The Airline Association of Southern Africa (AASA) has warned that the lack of jet fuel at Cape Town International Airport could lead to disruptions in airline schedules and possibly flight cancellations.
AASA said this comes at a time when the industry is already under immense pressure due to operational and cost issues.
“These restrictions are now likely to result in disruptions to airline schedules and possibly cancelled flights at a time when the industry and the economy can ill afford it,” it said.
Cape Town’s airport has only a few days left of fuel, with shipments set to reach South Africa later than expected at the beginning of October. The airport said on Monday (27 September) that the fuel shortage will not disrupt flights; however, AASA thinks differently.
“The escalation of jet fuel rations throws into sharp focus South Africa’s vulnerability because of its reliance on imported jet fuel,” said AASA.
The group called on government and fuel suppliers to move with urgency and put in place a robust and resilient plan to ensure sufficient stocks of aviation fuel are always available.
“Although our local and regional short-haul airlines are able to tanker fuel – i.e. carry more than optimally required for a single flight – to maintain their schedules, in doing so, they must incur additional costs as the extra fuel load increases the overall weight of each plane, in turn burning more fuel just to carry the extra contingency supply,” the association said.
According to AASA, this puts further cost pressures on airlines at a time when they are already struggling with a rise in the price of jet fuel, higher finance charges and interest rates, as well as increased labour and other costs.
Kirby Gordon, chief marketing officer at FlySafair, said that jet fuel has increased by around 220% over the last year and makes up about 50% of total operating costs – up from 30% previously.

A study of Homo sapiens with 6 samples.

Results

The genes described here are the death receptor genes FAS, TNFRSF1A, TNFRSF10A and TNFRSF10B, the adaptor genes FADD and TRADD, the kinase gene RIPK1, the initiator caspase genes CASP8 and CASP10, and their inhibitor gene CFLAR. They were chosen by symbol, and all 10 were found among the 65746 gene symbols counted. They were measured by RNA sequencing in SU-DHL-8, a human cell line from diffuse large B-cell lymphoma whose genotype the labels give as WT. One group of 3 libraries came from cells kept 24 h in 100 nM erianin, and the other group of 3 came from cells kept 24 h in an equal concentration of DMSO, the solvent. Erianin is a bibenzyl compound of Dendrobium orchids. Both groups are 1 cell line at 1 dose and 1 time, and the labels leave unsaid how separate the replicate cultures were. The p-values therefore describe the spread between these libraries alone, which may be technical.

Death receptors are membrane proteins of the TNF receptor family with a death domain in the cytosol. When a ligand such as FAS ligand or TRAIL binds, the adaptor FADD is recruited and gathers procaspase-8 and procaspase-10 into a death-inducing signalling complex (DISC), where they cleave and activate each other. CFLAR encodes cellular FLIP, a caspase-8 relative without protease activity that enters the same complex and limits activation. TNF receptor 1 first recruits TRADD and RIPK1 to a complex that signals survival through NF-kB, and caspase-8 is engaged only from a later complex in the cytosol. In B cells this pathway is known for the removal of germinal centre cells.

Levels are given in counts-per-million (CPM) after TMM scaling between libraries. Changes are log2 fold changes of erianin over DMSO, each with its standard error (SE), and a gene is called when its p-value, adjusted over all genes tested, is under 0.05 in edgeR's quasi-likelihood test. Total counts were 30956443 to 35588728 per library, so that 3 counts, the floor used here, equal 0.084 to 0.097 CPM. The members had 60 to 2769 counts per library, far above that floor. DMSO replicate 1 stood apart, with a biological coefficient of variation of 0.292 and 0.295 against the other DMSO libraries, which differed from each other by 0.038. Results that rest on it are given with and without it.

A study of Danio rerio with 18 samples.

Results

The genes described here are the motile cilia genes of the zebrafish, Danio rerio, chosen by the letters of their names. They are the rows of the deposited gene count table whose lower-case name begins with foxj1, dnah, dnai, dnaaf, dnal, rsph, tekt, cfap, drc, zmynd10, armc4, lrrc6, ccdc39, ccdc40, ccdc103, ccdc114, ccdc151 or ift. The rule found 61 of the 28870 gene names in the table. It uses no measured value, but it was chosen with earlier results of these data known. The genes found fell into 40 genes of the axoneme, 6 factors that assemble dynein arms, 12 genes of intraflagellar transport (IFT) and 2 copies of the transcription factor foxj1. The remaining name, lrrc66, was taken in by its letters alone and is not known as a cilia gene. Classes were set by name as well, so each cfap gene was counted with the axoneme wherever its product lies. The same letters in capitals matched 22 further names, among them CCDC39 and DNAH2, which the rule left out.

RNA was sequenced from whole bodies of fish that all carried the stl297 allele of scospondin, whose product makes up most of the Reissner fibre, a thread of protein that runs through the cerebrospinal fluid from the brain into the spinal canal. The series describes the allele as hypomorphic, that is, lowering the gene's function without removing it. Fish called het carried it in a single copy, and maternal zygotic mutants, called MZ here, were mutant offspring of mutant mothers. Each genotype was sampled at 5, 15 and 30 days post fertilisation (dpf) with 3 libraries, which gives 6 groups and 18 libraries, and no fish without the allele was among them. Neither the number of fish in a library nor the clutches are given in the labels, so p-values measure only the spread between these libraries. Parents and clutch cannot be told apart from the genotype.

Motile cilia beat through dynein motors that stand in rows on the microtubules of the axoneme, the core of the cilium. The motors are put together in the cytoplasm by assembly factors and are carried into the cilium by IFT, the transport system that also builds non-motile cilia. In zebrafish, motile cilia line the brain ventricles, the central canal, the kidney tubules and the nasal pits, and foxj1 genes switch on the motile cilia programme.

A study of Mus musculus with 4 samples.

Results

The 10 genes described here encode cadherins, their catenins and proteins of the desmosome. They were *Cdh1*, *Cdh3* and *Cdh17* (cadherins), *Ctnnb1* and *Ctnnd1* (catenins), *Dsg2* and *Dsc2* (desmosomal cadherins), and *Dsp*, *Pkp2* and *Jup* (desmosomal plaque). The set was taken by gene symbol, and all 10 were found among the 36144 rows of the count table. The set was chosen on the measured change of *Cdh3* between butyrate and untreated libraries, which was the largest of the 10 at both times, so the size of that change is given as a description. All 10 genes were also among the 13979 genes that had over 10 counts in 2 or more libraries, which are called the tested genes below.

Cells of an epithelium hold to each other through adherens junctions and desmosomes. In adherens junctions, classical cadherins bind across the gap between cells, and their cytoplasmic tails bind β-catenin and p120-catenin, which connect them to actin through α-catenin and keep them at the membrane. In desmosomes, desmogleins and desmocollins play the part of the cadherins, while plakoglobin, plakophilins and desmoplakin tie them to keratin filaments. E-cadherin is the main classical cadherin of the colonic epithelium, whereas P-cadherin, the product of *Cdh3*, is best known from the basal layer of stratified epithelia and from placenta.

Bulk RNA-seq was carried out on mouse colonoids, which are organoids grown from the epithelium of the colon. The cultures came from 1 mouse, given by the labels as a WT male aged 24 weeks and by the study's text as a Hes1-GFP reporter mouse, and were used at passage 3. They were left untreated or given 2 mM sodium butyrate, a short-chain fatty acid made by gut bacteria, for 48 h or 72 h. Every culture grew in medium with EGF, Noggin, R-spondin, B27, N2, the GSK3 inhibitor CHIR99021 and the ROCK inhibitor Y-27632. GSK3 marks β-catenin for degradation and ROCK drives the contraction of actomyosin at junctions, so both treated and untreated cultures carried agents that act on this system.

This is a huge deterrent for airlines to expand flights and operations, especially because they have to fly further between economic hubs in South Africa, he said.
As a result of increased operational costs and high demand for tickets – immediate travel often draws higher prices, in the R2,000 to R3,000 range per ticket.
AASA said that local airlines also depend heavily on feed traffic to and from long-haul inter-continental carriers, many of which will be unable to tanker fuel over such great distances.
Such airlines may now have to resort to intermediate en-route refuelling stops or fly to Johannesburg or Durban to fill up before starting their long north and east-bound return flights.
“AASA urges the government to waive the additional on-route air navigation and airport fees airlines will incur in order to comply with the fuel rations at Cape Town and continue to provide the inter-continental connectivity that local airlines and the entire region’s economy depend on.”
In May of this year, OR Tambo International Airport in Gauteng also had a jet fuel shortage.
The Jet Fuel Forum Committee (JFF) said that jet fuel had been constrained at the airport, forcing some international airlines to divert flights to Durban and Windhoek to refuel on their return journeys. It added that two flights were cancelled due to shortages.
South Africa’s domestic air travel has been in an uproar since Comair, the parent company of both British Airways in South Africa and Kulula, fell into business rescue and was subsequently liquidated.
The liquidation resulted in South Africa’s overall flight capacity being almost halved, with 40% taken offline. FlySafair’s Gordon said the airline market lost approximately 9,000 seats a week.
Out of the country’s eight domestic airlines that were in operation pre-Covid-19, only four remain: FlySafair, Lift, CemAir and Airlink. Other airlines – SA Express, Kulula, British Airways and Mango – have all been grounded or liquidated, taking significant capacity out of the skies.
The remaining airlines have slowly been building up added capacity, with Lift and FlySafair in particular adding more flights in recent weeks, with more to come in the months ahead.